This past Friday, the last day of November 2012, Carolyn Rodgers (1945-2010) was inducted into the Chicago Literary Hall of Fame. With her in this third class of inductees: James T. Farrell, Langston Hughes, Jane Addams, Sherwood Anderson, and Ernest Hemingway. Though perhaps the least well known of this group, she deserves this company. The program book quotes her as saying, “I put the poem on paper by sense and touch, much like a blind person fumbling in the dark for light.”
This post serves as a brief summary of her career and genuis, and a catalog for several pieces celebrating her that are, or will be, on this website. (See below.)
Carolyn Rodgers was one of the great American poets to emerge from Chicago in the 1960’s, playing a major role in Chicago’s vibrant Organization of Black American Culture community (OBAC), and in 1967 helping Haki Madhubuti and Johari Amini found one of Chicago’s most important cultural institutions, the Third World Press.
She is one of my favorite poets of all times and places, and I count it one of my life’s great fortunes to have been her friend. I included her work in both my Black Writing from Chicago and in Smokestacks and Skyscrapers, an anthology of Chicago writing I edited with David Starkey.
> The pieces featuring Carolyn on this site are:
- Inwardness and Activism: An Appreciation of Carolyn Rodgers
- Carolyn Rodgers reads “Prodigal Objects”
- WBEZ Interviews Richard Guzman about Black Writing from Chicago
- Carolyn Rodgers’ Foreword to Black Writing from Chicago
- Chicago Literary Hall of Fame inductee post.
—Links will go live when material becomes available—
After receiving her B.A. from Roosevelt University and her M.A. from the University of Chicago, Carolyn Rodgers taught at several Chicago colleges. She mentored 100′s of young people. And she wrote. She authored a novel and many short stories, and her poetry has been collected in over a dozen books and broadsides, including Paper Soul (1968), how I got ovah (1975)—for which she received a National Book Award nomination—The Heart as Evergreen (1978), and Finite Forms (1985). In 1970 Rodgers received the Society of Midland Authors Poet Laureate award. Two remarkable chapbooks, We’re Only Human (1996), and A Train Called Judah (1998), contain some of the best poetry of her life and deserve as much recognition as any of her other work. From the beginning Rodgers achieved a unique fusion of what critic Bettye J. Parker-Smith called a “rough hewn, folk spirited” ethos with a deep concern for racial, spiritual, feminist, and gender issues. The poems from these last two chapbooks retain this fusion but also go beyond it, moving with great ease and sophistication along an international set of issues and geographies. They help us understand and feel more deeply both the large horrors and small redeeming virtues that issue from our humanity.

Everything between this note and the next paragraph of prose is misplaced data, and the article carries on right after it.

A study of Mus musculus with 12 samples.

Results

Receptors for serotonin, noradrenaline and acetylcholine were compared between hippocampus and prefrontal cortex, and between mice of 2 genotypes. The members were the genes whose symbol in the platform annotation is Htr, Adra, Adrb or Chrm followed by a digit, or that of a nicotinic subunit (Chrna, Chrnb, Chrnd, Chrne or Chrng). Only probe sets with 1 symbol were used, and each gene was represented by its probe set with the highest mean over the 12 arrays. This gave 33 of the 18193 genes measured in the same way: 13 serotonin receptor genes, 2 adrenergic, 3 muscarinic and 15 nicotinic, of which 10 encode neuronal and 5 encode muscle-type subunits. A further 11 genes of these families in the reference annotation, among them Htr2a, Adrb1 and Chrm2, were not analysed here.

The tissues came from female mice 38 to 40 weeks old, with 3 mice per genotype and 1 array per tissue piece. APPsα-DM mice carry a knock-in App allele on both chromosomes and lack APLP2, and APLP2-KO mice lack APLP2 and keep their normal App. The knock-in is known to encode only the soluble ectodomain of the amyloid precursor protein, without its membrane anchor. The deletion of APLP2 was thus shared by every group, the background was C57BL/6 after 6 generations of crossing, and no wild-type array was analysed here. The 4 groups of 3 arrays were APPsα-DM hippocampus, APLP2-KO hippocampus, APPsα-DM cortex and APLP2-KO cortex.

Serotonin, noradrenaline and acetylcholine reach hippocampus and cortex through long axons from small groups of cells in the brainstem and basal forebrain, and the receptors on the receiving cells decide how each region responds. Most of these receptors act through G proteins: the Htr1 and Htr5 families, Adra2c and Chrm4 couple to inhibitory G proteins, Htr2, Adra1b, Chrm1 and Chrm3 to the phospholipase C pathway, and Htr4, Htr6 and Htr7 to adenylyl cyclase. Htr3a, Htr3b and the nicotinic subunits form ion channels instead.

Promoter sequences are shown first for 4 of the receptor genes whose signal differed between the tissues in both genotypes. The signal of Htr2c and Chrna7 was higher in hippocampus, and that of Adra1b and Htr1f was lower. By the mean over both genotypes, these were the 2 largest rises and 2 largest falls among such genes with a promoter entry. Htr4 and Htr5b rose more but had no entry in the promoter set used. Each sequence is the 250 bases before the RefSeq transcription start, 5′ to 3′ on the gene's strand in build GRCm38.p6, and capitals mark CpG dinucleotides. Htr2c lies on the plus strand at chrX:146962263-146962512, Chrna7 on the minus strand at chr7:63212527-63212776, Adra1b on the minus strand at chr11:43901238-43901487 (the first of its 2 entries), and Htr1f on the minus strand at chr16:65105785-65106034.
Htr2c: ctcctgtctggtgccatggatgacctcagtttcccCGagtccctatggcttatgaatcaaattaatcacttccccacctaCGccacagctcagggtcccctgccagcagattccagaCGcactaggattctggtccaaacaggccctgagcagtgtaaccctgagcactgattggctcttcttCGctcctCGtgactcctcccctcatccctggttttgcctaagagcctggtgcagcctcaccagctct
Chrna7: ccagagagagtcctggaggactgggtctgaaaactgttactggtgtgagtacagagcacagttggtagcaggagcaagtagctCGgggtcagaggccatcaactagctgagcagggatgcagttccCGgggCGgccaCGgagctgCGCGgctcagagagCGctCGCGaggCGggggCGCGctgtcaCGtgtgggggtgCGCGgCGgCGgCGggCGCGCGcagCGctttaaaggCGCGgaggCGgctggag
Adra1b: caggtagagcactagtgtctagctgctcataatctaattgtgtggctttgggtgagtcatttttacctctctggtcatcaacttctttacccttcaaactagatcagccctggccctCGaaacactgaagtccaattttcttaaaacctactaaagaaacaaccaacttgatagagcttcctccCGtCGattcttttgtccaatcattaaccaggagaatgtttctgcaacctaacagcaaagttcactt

Rodgers celebrated black community and explored its tensions and social crises. An extraordinary combination of lyricism, sensuality, and street-wise swagger mark her poems on love, and her knack for expressing the intricacies and paradoxes of human love, man-woman love, extends towards religious love. She was profoundly spiritual. She strove—as she wrote in her poem “how i got ovah II/It Is Deep II”—”to understand the mysteries / of mystical life the ‘intellectual’ / purity if mystical light.” In her best later work, she arrives at a profound sense that revolutionary concerns—often the subject of her earliest poems—must join with a deep commitment to family, religion, and God to create a resilient inner life.
In my piece “Activism and Inwardness” (see the link above), I explore the connection of inner life and outward action so prevalent in Carolyn’s life and work. One of my favorite poems is “Prodigal Objects.” (Go to the link above to hear her read it.)
when i lose something,
i am all out in the streets
looking for it.
it doesn’t matter if I lost it at home,
or school, or at church.
i think maybe I’ll see it
way cross town in impossible places.
department stores, restrooms, hospital
lobbys, telephone booths.
earrings, loves, books, buttons,
i’m looking for them all.
say, maybe i lost whatever it is
in California, and here I am in Chicago,
2000 miles away, looking for it.
or maybe i lost it in Africa and one
day I get a certain feeling and I’m
in Chicago and i know i lost it, say
400 years ago in Africa,
but on this particular day, I just know
i’m going to find it in Chicaqo.
it doesn’t matter what it is.
no, it really doesn’t matter what it is,
or where I lost it either
what matters is the feeling of finding
(there is a law of finding),
what matters is finding on lost days.
and I’m finding that some days
what matters as much, is being found.
This feeling of being found helps us find the courage to remain revolutionary—to keep fumbling for light—in the midst of struggles we never suspected would last so long.